Anhinga Observed and Described in 1774

The anhinga (Anhinga anhinga) also known as the snake bird or water turkey, is a year-round Florida resident. They inhabit aquatic and marine ecosystems that include the Atlantic Ocean, Intracoastal Waterway and the St. Johns River. Their range is South Carolina westward to Texas and Mexico, and even south through Amazonia to Argentina. Their name, anhinga, comes from a Brazilian Indian tribe, meaning “devil bird” or “evil spirit of the woods.”

You can often spot the anhinga perched on a branch with wings outstretched, drying feathers. They feed on small fish, shrimp, amphibians, tadpoles, crayfish and young alligators and snakes. The fact that they have dense, heavy bones and feathers that are less water resistant than other birds helps them to swim underwater, where they often spear fish with their long neck and sharp beak. They surface in order to flip their catch into their mouth for consumption.

According to Travels published in 1791, Bartram encountered these birds many times in his explorations particularly along the St. Johns River and the Atlantic Intracoastal Waterway, near St. Augustine in 1774.  Below is his interpretive description. There may have been some confusion with the cormorant, another aquatic bird that inhabits the same ecosystems. Because the cormorant has a much broader North American range, Bartram was likely familiar with them from his Northeast colonies travels before the Southeast. Neither bird was sketched.  However, John James Audubon painted the anhinga in 1822 from a specimen in New Orleans Louisiana. He went on to paint the cormorant in 1832 down in the Florida Keys.

Bartram’s 1791 published description better fits the anhinga, “Here in this river and in the waters all over Florida, a very curious and handsome bird, the people call them Snake Birds, I think I have seen paintings of them on the Chinese screens and other India pictures: they seem to be a species of cormorant or loon (Colymbus cauda elongata) but far more beautiful and delicately formed than any other species that I have ever seen. The head and neck of this bird are extremely small and slender, the latter very long indeed, almost out all proportion, the bill long, straight and slender, tapering from its base to a sharp point, all the upper side, the abdomen and thighs, are as black and glossy as a raven’s, covered with feathers so firm and elastic, that they in some degree resemble fish scales, the breast and upper part of the belly are covered with feathers of a cream colour, the tail is very long, of a deep black, and tipped with a silvery white, the tail is very long, of a deep black, and tipped with a silvery white, and when spread represents an unfurled fan.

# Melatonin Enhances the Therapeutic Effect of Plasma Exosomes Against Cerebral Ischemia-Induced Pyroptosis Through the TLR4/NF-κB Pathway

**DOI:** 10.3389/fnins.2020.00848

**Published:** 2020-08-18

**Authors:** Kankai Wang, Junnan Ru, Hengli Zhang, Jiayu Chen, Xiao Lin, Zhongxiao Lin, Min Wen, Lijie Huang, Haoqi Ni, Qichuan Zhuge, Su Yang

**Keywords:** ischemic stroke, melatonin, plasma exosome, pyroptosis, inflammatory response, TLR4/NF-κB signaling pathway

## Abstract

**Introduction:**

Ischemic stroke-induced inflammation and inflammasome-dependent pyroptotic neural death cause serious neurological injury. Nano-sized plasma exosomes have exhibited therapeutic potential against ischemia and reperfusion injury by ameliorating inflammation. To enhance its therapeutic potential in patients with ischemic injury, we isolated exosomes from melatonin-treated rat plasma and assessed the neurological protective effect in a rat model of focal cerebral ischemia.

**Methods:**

“They delight to sit in little waters, with their wings and tails expanded, I suppose to cool and air themselves, when at the same time they behold their images in the watery mirror: at such times, when we approach them, they drop off the limbs into the water as if dead, and for a minute or two are not to be seen; when on a sudden at a vast distance, their long slender head and neck only appear, and have very much the appearance of a snake, and no other part of them is to be seen when swimming in the water, except sometimes the tip end of their tail. In the heat of the day, they are seen in great numbers, sailing very high in the air, over lakes and rivers.”

See the UF IFAS video link below outlining anhinga and cormorant characteristics and differences.  Now you know some natural history of them and can correctly identify these amazing aquatic swimming and fishing birds!